How to Root Out Corruption Without Introducing More

The Foreign Corrupt Practices Act is open to political abuse, but that's no reason to scrap it.

Are you worried there may be corruption in the American executive branch today, yet also fearful that the tools for rooting out such malfeasance may be abused? If so, welcome to the dilemmas surrounding the Foreign Corrupt Practices Act.

There has been speculation about whether President Donald Trump and his real estate operations abroad might be guilty of FCPA violations -- a cause for concern -- but at the same time the federal government can use the FCPA to threaten executives with prison terms of up to 20 years. That’s not entirely reassuring in a polity when impartiality and the rule of law are not guaranteed. At a time when so many norms are being broken, including personalized presidential tweets attacking business leaders, attacks on the idea of free speech and a newly heightened sense of political polarization, the threat of politically motivated prosecutions can cause executives to think twice before criticizing the government.

To recap, the FCPA, enacted in 1977, generally prohibits American businesses from offering bribes or other favors to foreign officials to assist in obtaining or retaining business. Ideally, we would like a statute that roots out the worst instances of corruption abroad, but without excessively penalizing American business or enforcing an arbitrary standard, liable to political abuse.

Trump has complained about the law and argued it should be weakened. Jay Clayton, now head of the Securities and Exchange Commission, co-wrote a 2011 piece arguing that enforcement of the act should be rethought, because multinationals from other countries do not face equally strong regulatory burdens.

Whether or not you agree with those views, making the law tougher won’t be easy. What is striking from the evidence is that companies violate FCPA commonly, and usually at an expected profit. That conclusion is from a study by Jonathan M. Karpoff, D. Scott Lee and Gerald S. Martin, based on data from the Department of Justice and Securities and Exchange Commission, in turn derived from 143 enforcement actions from 1978 to mid-2013, as directed against publicly traded companies.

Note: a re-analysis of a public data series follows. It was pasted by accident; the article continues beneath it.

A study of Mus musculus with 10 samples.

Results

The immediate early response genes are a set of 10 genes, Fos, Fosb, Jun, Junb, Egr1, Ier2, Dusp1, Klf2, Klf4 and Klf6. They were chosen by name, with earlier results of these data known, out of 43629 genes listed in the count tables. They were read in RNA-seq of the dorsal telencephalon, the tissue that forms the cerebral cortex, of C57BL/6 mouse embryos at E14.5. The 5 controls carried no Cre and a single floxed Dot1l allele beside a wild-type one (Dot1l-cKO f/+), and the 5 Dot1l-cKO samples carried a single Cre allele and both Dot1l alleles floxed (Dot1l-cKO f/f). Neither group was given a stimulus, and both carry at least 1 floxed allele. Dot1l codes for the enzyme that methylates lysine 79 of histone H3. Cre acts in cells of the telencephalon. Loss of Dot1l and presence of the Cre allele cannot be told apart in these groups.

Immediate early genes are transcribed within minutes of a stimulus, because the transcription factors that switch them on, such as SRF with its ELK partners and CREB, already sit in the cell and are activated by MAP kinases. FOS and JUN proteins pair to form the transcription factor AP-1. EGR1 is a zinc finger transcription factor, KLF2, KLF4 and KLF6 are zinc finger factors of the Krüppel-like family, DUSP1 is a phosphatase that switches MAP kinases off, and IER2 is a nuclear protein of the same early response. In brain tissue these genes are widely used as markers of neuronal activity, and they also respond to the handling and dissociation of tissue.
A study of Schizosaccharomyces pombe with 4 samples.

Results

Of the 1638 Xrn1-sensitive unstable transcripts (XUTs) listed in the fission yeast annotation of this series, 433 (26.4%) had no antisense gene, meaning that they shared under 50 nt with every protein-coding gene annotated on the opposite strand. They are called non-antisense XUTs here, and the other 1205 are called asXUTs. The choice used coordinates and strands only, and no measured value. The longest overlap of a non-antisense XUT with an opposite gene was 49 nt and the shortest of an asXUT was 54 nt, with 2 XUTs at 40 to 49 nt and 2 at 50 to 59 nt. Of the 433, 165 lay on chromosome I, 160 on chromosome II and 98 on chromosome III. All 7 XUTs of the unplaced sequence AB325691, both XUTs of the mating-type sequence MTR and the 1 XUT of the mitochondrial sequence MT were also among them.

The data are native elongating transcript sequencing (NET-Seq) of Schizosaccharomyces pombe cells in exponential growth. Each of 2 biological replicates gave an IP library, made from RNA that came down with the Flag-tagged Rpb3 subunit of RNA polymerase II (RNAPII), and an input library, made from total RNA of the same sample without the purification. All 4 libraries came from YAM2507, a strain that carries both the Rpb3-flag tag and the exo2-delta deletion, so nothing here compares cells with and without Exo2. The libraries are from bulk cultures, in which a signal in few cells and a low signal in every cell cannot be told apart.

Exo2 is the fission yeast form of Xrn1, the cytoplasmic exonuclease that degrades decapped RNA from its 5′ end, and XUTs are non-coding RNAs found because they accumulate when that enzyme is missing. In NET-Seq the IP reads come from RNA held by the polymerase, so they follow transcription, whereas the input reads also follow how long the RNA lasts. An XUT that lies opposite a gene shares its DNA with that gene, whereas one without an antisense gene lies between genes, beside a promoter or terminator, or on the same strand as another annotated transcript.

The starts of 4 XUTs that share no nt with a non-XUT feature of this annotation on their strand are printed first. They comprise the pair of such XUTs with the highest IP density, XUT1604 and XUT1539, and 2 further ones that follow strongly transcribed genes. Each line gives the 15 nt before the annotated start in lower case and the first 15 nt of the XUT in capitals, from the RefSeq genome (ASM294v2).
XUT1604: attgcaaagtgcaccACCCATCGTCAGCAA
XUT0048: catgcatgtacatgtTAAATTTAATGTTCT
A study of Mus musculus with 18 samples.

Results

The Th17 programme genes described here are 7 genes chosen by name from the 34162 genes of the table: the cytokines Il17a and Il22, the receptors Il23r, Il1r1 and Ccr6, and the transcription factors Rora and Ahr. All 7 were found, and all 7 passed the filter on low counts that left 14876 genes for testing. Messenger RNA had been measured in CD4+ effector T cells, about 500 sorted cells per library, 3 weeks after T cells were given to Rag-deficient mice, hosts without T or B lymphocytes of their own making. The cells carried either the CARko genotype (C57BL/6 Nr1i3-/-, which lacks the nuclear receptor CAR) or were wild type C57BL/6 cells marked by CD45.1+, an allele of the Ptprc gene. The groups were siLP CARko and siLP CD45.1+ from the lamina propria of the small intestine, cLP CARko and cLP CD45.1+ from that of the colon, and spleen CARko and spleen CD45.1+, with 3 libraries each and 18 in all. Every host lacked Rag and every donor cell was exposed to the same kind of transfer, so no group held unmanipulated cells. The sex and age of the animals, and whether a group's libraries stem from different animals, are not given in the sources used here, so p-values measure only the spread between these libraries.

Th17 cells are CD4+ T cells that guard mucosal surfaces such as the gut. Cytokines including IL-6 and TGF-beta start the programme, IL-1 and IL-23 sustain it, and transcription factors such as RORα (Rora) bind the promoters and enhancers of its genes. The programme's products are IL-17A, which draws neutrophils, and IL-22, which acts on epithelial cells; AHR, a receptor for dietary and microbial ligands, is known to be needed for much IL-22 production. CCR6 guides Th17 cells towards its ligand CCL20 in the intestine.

The researchers find a 22.9 percent chance that an eligible company will engage in prosecutable foreign bribery over the studied period. That is more than just a few bad apples crossing a line. They also estimate that the chance of an enforcement action against a violation company is only 6.4 percent. So most get away with it. To make the bribes unprofitable, it would be necessary to increase average penalties by a factor of 8.3, or more than 22 times their average historical level. That’s probably not going to happen, and in any case it would raise the number of mistaken and ambiguous cases, raise the costs of doing business abroad, and, more hypothetically, raise the risk of using the FCPA to punish executives who are out of political favor. To worry about political bias, you don’t have to think that regulators or the executive branch sit around deliberately targeting enemies as Richard Nixon did.  There is so much discretion in enforcement of this law that favorable treatment for the well-connected will, whether intended or not, create pretty much the same result of differentially punishing critics and nonsupporters. 

Like it or not, this law is not going away -- and there are some good reasons to have it. The U.S. has been the world leader in taking on corruption, and we shouldn’t give up that position without a fight. There has been a payoff, as other countries move in the American direction with tougher anti-bribery measures. Getting rid of the FCPA now would send the very worst possible message to the world. Furthermore, some aspects of the FCPA are useful in helping U.S. multinationals limit the demand for bribes, by claiming they are unable to comply for legal reasons.

Rather than junking the FCPA, we should consider reforming it, lowering its costs while simultaneously making it harder to use as an instrument of political retribution. It is pretty common for business leaders to think that being well-connected lowers their chances of legal or regulatory prosecution.   

To improve the law, commentators have recommended adding a “willfulness” requirement for corporate criminal liability, limiting liabilities from the activities of subsidiaries or from previous acquisitions, clarifying exactly who counts as a “foreign official,” and more generally swinging the presumption back closer to innocence, especially for companies with active and responsible compliance programs. All of those changes could build in more safeguards for ambiguous cases and for companies that are basically engaged in honest business. Recently announced Department of Justice guidelines do take some steps in these directions, for instance by encouraging voluntary disclosure and remediation of infractions.

At the same time, might we not increase the fines for the most egregious offenders? That would create both the reality and the impression of keeping some teeth in the law.

We’ll see soon enough if the FCPA starts moving into the headlines. For now, it ought to be possible to discourage corruption without putting productive American executives at undue criminal or political risk.